Editors Note: An article from Eric Patton to The Prepper Journal. One of the most versatile of all varmint guns, one that will keep your freezer full of small game, every prepper should look into the Ruger 10/22 as the cost is minimal to both buy and shoot. As always, if you have information for Preppers that you would like to share then enter into the Prepper Writing Contest with a chance to win one of three Amazon Gift Cards with the top prize being a $300 card to purchase your own prepping supplies!
The 10/22 is easily one of the most prolific firearms on the planet with over 5 million made since their introduction in the 1960’s. When it comes to a semi-auto .22 rifle, there are none better. They are reliable, functional, light weight, and have reasonably good accuracy. Good enough that topping off your 10/22 with a quality scope can make a mean little rifle for plinking and small varmint hunting.
That more or less covers what the 10/22 is but let’s quickly cover what the 10/22 isn’t. This is not a match .22 and won’t come close to that level of accuracy. At best, you can probably expect about 1.5 MOA at 50 yards, quickly decreasing as the light weight .22 round loses speed. Given this limitation, it’s easy to end up with more scope that what your 10/22 really needs.
Considering the cost all of the possible features you could get on a scope, making a choice is a complicated task and one that shouldn’t be taken lightly. This article attempts to cover some general guidelines to get you in the ballpark but a little extra homework won’t hurt.
When it comes to choosing the best scope for your Ruger 10/22, there are two schools of thought on appropriate scopes. You can go with a very simple scope for short range varmint hunting or go big with a more powerful optic to shoot smaller targets. The truth is that both work well in their own niche. Once you have decided what purpose your rifle should serve, you can make an informed decision on what is an appropriate rifle scope would be for you.
Considerations for Magnification
The power of a scope is the defining line between the two schools of thought. The first group will go with low powered optics, generally less than 8x, which complement the expected accuracy of a 10/22. The other prefer scopes that are much more powerful, sometimes as high as 20x. This is not so much for shooting longer ranges but for shooting smaller targets at close range.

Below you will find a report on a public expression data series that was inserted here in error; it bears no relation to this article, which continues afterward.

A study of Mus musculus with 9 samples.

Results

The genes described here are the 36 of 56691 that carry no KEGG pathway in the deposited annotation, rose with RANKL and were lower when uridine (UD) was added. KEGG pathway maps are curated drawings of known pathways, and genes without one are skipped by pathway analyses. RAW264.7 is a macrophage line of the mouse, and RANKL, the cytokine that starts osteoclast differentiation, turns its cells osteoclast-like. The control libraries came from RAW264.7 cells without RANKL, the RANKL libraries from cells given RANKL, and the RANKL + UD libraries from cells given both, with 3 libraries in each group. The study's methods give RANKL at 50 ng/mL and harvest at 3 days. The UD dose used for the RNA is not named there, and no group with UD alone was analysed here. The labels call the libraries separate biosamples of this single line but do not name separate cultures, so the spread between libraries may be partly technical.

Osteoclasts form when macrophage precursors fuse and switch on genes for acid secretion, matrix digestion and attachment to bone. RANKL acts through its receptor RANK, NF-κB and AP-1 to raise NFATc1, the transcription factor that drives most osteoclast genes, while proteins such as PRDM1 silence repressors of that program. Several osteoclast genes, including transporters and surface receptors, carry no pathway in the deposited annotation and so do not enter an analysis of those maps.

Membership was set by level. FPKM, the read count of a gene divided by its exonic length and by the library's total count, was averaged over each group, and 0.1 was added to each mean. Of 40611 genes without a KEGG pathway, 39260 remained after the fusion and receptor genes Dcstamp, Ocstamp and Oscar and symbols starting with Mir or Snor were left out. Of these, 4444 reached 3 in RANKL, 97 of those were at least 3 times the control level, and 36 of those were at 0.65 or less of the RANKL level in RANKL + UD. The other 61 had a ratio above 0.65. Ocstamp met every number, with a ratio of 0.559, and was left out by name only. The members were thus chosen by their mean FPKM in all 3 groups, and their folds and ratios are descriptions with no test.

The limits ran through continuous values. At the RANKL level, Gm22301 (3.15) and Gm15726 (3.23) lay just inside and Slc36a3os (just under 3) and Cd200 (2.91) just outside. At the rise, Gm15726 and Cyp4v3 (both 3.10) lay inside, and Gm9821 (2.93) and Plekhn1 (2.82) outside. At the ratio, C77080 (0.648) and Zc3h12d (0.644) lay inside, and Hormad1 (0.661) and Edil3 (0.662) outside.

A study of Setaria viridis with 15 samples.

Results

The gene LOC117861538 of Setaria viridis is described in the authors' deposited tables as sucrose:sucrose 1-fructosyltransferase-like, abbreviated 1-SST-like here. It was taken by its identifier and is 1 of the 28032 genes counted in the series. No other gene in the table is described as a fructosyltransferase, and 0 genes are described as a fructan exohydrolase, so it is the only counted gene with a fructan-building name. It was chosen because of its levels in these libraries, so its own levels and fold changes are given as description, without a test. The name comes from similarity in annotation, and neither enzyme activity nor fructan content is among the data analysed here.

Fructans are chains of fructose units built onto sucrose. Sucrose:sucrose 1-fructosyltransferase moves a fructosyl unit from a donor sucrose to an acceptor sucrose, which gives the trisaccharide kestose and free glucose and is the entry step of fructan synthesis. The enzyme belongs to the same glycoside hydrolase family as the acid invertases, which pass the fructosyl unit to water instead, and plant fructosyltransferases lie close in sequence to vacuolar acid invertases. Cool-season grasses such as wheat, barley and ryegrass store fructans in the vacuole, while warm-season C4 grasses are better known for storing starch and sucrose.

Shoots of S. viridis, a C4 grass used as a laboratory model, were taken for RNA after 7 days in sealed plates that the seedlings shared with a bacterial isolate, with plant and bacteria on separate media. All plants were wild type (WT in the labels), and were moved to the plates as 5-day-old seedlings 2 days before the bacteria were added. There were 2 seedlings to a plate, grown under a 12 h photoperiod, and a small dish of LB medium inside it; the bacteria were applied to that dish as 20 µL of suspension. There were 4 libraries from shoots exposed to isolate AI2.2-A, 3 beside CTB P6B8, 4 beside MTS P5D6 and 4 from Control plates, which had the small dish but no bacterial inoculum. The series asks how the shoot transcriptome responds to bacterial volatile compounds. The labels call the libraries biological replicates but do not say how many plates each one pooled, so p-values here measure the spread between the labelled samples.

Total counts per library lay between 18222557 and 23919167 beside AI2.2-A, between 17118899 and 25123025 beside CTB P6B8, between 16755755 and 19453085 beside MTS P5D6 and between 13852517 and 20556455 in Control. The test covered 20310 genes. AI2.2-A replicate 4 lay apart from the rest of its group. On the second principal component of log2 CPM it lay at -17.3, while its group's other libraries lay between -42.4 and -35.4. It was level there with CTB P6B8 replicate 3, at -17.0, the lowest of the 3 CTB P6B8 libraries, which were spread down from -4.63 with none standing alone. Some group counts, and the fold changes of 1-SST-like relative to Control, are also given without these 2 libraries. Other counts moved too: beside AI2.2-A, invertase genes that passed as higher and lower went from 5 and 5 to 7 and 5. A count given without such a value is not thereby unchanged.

While I have used scopes as low as 4x for squirrel and varmint hunting and scopes as high as 24x for plinking, the truth is that somewhere in the middle works out very well for most people’s needs. I prefer anywhere from a 9x to maybe as high as a 14x or 16x but anything more than that is wasted. Your rifle simply can’t keep up with scopes in the 20x range if it is a stock 10/22 setup.
Rimfire Specific Scopes
While there is no reason not to use a scope designed for rimfire rifles, they offer nothing extra over a scope made for larger caliber rifles. Most companies produce a decent scope that is rimfire specific but some companies use the lower recoil to build a scope with sub-par durability.
While I won’t advice staying away from rimfire specific scopes all together, you are best to walk away from any of them that are not made by a reputable optics manufacturer.
BDC Reticles and Turret Adjustments
Most distance shooters with high power rifles use scopes designed for that purpose with reticles and turrets to help compensate for wind effects and bullet drop. These features are definitely something that adds to the overall cost of a scope.
Though I do use a turret scope on one .22 rifle, I do not on a 10/22 because there is zero reason. You don’t have enough accuracy to make turrets worth it when you aren’t going to be accurate at ranges requiring more than just a couple of clicks of adjustment.
On the other hand, I find a reticle with some form of BDC markings to be very useful in a .22. Even at 50 yards, a .22 can drop as much as three inches and that gets exponentially worse as the bullet travels further. Having some way to compensate for drop of around 24” at 150 yards is a good plan even if you aren’t going to be pin point accurate at that range.
With the moderate range and recoil of a 10/22, there is really no wrong choice for a scope as long as you get one that is of reasonable quality but why get an inferior product. Without a doubt, the 10/22 is an amazing rifle and should be paired with a comparable optic. If neither of the above appeal to you, there are a number of other scopes that work well.
This article did not go into the world of red dot sights which serve a very different purpose than a scope. There is some overlap between the two but a red dot will not be able to do what a scope does. When you boil their use down to the simplest terms, a scope makes you more accurate while a red dot makes you faster. Both are viable options but don’t make the mistake of buying a red dot thinking you are going to get the same ranged accuracy out of it as a good scope.